Chaos in Libya has prompted Algerian authorities to step up security presence along the border between the two countries and strive for better co-operation against terrorist threats.
In press statements following his meeting with Tunisian President Moncef Marzouki in Paris, Algerian Prime Minister Abdelmalek Sellal on Saturday (December 7th) said he would visit Libya at the end of the month to discuss security co-ordination with Libyan officials.
The two held talks on the side-lines of the Élysée Summit on Peace and Security in Africa.
“It’s necessary to control the security situation in the region,” Sellal said. “Without stability, it’s not possible to have any kind of development.”
The Algerian prime minister said he discussed security issues and “problems in the region” with the Tunisian president, noting, “We don’t intervene at all in Tunisia’s affairs, but we support any solution in Tunisia.”
He added that the Tunisian-Algerian joint committee would hold a meeting later this month, noting “there is real co-operation between the two countries”.
Sellal’s expected visit to Libya is the second of its type after theGhadames summit last January between Algeria, Libya and Tunisia.
During that meeting, the three neighbours agreed to enhance security co-operation on the border, stop arms proliferation and monitor the movements of terrorist groups.
During Libyan Prime Minister Ali Zidan’s last visit to Algeria in August, Algerian authorities expressed willingness to support the new Libya, help it in the security sector, rebuild Libya’s police and army and collaborate on initiatives to control the border and combat terrorism.
Since last June, Algeria trained two batches of 120 Libyan officers each on various police techniques and criminal investigation methods.
Sellal’s visit to Libya comes at a time when Algerian authorities fear heavy weapons may fall in the hands of terrorist groups that are still active in the region, especially following Mokhtar Belmokhtar’s attack on the In Amenas gas facility, which was carried out by a group that entered Algerian soil through the Libyan border.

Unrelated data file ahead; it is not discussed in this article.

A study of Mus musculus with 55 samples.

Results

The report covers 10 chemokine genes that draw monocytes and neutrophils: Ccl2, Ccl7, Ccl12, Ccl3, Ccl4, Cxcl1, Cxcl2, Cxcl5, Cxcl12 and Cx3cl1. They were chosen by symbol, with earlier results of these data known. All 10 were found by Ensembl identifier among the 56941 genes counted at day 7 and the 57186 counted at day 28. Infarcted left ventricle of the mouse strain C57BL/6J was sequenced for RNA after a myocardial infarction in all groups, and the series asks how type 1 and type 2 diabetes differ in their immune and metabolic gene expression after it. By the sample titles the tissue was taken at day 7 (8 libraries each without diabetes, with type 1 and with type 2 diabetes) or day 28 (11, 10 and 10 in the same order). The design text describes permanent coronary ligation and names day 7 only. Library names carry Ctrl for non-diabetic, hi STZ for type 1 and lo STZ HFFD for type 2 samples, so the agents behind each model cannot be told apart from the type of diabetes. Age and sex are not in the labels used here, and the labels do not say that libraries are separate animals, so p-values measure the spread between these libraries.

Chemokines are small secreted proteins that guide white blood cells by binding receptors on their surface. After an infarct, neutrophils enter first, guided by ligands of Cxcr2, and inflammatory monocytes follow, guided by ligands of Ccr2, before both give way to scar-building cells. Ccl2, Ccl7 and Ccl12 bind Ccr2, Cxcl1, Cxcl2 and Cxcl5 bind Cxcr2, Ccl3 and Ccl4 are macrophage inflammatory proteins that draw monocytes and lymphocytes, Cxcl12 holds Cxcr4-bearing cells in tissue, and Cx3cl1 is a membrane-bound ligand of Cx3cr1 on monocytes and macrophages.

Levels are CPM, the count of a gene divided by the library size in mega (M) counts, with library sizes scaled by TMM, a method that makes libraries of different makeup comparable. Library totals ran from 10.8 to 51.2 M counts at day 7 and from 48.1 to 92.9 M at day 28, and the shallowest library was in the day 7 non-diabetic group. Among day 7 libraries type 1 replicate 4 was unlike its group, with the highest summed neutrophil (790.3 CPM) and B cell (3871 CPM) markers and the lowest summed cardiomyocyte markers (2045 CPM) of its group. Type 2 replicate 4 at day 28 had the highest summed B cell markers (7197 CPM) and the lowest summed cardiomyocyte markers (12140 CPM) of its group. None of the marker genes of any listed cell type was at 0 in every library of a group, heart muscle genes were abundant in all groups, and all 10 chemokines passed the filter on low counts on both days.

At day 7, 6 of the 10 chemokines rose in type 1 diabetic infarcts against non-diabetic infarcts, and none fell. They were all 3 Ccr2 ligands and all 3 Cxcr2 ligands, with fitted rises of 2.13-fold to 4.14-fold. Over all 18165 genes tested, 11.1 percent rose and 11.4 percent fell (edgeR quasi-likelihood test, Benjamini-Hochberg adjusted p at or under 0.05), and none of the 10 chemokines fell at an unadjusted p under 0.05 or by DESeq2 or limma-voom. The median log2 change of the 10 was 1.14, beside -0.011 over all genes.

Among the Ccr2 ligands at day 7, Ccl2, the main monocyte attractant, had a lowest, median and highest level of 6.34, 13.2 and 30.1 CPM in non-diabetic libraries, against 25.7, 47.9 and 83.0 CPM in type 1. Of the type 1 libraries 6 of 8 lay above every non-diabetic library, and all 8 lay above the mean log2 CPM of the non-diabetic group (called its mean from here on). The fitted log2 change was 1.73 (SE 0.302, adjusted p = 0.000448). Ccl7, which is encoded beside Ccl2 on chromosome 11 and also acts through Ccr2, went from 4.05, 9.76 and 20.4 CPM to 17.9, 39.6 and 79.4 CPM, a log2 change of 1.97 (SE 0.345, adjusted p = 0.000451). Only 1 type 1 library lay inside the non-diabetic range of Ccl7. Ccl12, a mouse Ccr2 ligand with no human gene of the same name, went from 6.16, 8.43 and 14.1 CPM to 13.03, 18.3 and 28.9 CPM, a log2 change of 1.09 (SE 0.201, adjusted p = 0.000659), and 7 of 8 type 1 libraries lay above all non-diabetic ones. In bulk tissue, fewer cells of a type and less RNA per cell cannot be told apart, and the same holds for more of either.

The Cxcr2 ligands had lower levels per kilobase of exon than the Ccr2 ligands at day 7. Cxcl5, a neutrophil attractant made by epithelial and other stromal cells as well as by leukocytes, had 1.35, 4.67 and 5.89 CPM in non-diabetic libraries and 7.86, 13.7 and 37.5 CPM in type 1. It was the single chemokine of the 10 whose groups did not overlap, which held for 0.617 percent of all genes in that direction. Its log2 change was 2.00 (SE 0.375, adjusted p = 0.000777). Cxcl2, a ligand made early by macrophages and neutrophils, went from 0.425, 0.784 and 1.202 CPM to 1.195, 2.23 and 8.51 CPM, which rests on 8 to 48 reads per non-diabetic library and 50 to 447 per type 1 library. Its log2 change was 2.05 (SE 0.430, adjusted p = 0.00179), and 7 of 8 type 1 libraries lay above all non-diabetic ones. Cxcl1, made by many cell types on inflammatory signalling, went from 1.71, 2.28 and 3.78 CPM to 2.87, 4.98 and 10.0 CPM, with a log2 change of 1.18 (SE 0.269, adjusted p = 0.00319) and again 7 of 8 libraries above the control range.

For his part, Algeria’s Interior Minister Tayeb Belaiz noted that the Libyan-Algerian border was a main source of concern for Algeria.
In a statement from Ghardaia province last November, Belaiz said that the administration of Algeria’s southern and eastern borders was now under the direct supervision of the Algerian army and armed forces to avert weapons smuggling and terrorist infiltration attempts.
He added that the army had seized sophisticated weapons and rockets on more than one occasion along the 1000-kilometre border.
“Libya has become a hotspot of tension posing a threat along its land borders with neighbouring countries, especially in view of the absence of government institutions,” said Omar Ben Jana, an expert on security and strategic affairs.
He called on the African Union to help prevent the proliferation of weapons into neighbouring countries and assist Libya with building national institutions to control the situation there.
In her turn, Saida Benhabyles, a former minister, said that Algerian authorities had a duty to take all the measures they deemed necessary to secure the border against all safety concerns.
“The security vacuum in Libya can lead to threats affecting all regional countries because of arms proliferation and weakness of central authority,” she said.
She added that Algeria’s interest in developments taking place in Mali, Tunisia and Libya showed Algeria’s keenness on helping its neighbours restore security, given that stability in Libya means a safer Algeria.
Article by Walid Ramzi, Magharebia.
This article was originally published here.